He, not only endowed with good natural powers, but well trained also by experience, on that particular occasion, delivered the following address:
"If, Romans, there was ever reason to doubt, whether the tribunes of the people have ever promoted sedition for your sake or their own, I am certain [p. 325]
that in the course of this year that doubt must have ceased to exist;
and while I rejoice that an end has at length come of a mistake of such long continuance, I in the next place congratulate you, and on your account the republic, that this delusion has been removed during a course of prosperous events.
Is there any person who can feel a doubt that the tribunes of the commons were never so highly displeased and provoked by any wrongs done to you, if ever such did happen, as by the munificence of the patricians to the commons, when pay was established for those serving in the army.
What else do you suppose that they either then dreaded, or now wish to disturb, except the union between the orders, which they think contributes most to the dissolution of the tribunitian power?
Thus, by Jove, like workers in iniquity, they are seeking for work, who also wish that there should be always some diseased part in the republic, that there may be something for the cure of which they may be employed by you.
For, [tribunes,] whether do you defend or attack the commons? whether are you the enemies of those in the service, or do you plead their cause?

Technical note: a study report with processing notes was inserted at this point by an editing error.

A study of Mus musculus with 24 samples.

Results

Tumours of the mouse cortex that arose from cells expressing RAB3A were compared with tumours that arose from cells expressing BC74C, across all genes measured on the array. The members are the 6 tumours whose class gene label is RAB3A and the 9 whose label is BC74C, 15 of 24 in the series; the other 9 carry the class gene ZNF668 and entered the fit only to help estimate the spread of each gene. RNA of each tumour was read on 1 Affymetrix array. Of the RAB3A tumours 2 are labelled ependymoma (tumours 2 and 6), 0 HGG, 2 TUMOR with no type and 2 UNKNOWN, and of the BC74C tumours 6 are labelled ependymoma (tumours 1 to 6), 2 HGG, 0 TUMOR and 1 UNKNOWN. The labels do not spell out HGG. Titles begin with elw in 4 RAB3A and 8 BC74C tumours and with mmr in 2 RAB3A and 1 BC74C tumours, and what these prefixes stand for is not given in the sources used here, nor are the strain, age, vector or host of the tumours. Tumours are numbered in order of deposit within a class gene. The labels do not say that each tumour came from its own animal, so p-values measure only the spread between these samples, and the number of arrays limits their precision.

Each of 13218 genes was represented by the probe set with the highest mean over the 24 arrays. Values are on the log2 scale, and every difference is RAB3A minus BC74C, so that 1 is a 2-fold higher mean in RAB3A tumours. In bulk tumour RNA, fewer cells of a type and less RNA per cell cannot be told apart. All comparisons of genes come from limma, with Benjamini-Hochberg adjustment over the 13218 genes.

Unless perhaps you say, whatever the patricians do, displeases us; whether it is for the commons, or against the commons; and just as masters forbid their slaves to have any dealing with those belonging to others, and deem it right that they should equally refrain from having any commerce with them, either for kindness or unkindness; ye, in like manner, interdict us the patricians from all intercourse with the people, lest by our courteousness and munificence we may challenge their regard, and they become tractable and obedient to our direction.
And if there were in you any thing of the feeling, I say not of fellow-citizens, but of human beings, how much more ought you to favour, and, as far as in you lay, to promote rather the kindly demeanour of the patricians and the tractability of the commons!
And if such concord were once permanent, who would not venture to engage, that this empire would in a short time become the highest among the neighbouring states?